U.S. officials have seen new intelligence that indicates a "pro-Ukrainian group" was responsible for the sabotage of the Nord Stream gas pipelines last year, the New York Times reported on Tuesday.
In a cautious report that did not identify the source of the intelligence or the group involved, the Times said the U.S. officials had no evidence implicating Ukraine President Volodymyr Zelensky in the pipeline bombing.
But the attack benefitted Ukraine as it left Russia unable to earn millions from the sale of natural gas to Western Europe.
At the same time, the attack added to the pressure of high energy prices on key Ukrainian allies in Western Europe, particularly Germany.
The intelligence suggested the perpetrators behind the sabotage were "opponents of President Vladimir V. Putin of Russia," the Times report said.
But the U.S. officials had no indication of who took part and who organized and paid for the operation, which would have required skilled divers and explosives experts.
They believed those involved were probably Ukrainian or Russian nationals, and that none were from the United States or Britain.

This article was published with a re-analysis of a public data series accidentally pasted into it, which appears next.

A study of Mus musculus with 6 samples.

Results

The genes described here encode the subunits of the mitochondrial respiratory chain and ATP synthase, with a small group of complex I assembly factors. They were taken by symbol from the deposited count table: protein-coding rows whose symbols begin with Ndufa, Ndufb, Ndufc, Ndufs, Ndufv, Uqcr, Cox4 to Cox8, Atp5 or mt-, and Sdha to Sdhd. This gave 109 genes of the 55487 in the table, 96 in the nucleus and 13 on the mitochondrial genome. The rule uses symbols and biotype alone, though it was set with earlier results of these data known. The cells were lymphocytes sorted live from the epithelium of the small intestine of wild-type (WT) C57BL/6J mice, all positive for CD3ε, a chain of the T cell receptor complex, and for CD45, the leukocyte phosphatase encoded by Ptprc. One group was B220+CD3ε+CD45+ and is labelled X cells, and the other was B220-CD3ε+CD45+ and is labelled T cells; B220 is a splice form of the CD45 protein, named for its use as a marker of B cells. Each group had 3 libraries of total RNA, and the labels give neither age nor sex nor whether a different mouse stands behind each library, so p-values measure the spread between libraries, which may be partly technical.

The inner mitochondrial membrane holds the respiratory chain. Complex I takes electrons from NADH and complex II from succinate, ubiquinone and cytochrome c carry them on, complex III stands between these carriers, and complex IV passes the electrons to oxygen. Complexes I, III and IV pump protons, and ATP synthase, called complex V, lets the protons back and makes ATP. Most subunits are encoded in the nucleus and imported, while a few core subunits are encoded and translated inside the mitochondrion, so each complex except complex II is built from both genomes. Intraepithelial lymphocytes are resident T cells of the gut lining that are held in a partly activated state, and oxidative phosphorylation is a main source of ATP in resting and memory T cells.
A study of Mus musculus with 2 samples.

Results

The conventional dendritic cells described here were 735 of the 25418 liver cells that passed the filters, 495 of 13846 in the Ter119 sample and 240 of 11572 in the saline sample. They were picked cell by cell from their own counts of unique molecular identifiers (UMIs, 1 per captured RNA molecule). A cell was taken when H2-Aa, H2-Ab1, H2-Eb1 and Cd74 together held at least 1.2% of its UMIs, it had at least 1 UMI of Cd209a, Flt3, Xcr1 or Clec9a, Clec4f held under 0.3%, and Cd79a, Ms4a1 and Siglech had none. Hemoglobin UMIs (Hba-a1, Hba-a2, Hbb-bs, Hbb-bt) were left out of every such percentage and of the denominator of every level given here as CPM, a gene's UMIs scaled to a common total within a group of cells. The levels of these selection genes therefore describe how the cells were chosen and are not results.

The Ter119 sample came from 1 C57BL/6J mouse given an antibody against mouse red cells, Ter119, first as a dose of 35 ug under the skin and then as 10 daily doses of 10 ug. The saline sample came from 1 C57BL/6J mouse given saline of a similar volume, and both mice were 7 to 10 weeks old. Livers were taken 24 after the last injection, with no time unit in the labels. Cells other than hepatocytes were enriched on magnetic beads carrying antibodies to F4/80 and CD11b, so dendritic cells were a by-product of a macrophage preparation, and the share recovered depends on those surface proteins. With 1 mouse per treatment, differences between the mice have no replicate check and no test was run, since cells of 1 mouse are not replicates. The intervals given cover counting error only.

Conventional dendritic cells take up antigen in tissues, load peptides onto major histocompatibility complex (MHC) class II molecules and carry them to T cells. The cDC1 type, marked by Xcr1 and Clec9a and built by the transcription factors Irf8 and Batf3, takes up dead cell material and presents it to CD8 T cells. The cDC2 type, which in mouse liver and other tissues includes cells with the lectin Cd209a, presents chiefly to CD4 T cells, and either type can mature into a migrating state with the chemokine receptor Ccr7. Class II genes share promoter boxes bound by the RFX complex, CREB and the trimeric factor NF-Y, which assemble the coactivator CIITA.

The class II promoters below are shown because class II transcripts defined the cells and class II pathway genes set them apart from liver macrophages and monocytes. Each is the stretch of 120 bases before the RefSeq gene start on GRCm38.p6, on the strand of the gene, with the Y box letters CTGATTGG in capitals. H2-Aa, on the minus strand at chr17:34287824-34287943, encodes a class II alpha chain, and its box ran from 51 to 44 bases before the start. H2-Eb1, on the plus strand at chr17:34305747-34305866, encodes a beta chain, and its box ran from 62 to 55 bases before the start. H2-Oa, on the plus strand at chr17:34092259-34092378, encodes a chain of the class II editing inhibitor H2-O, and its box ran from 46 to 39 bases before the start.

U.S. officials have "no firm conclusions" about the intelligence, "leaving open the possibility that the operation might have been conducted off the books by a proxy force with connections to the Ukrainian government or its security services," the Times said.
The pipelines were ruptured by subsea explosives on Sept. 26, seven months after Russian forces invaded Ukraine.
Several countries were said at the time to have motives for the action: Russia, Germany, Ukraine, Poland, Britain and the United States.
In February, veteran U.S. investigative journalist Seymour Hersh reported that the United States had been behind the operation to bomb the Nord Stream pipelines and that Norway assisted.
The White House blasted Hersh's report, which cited an unnamed source, as "complete fiction."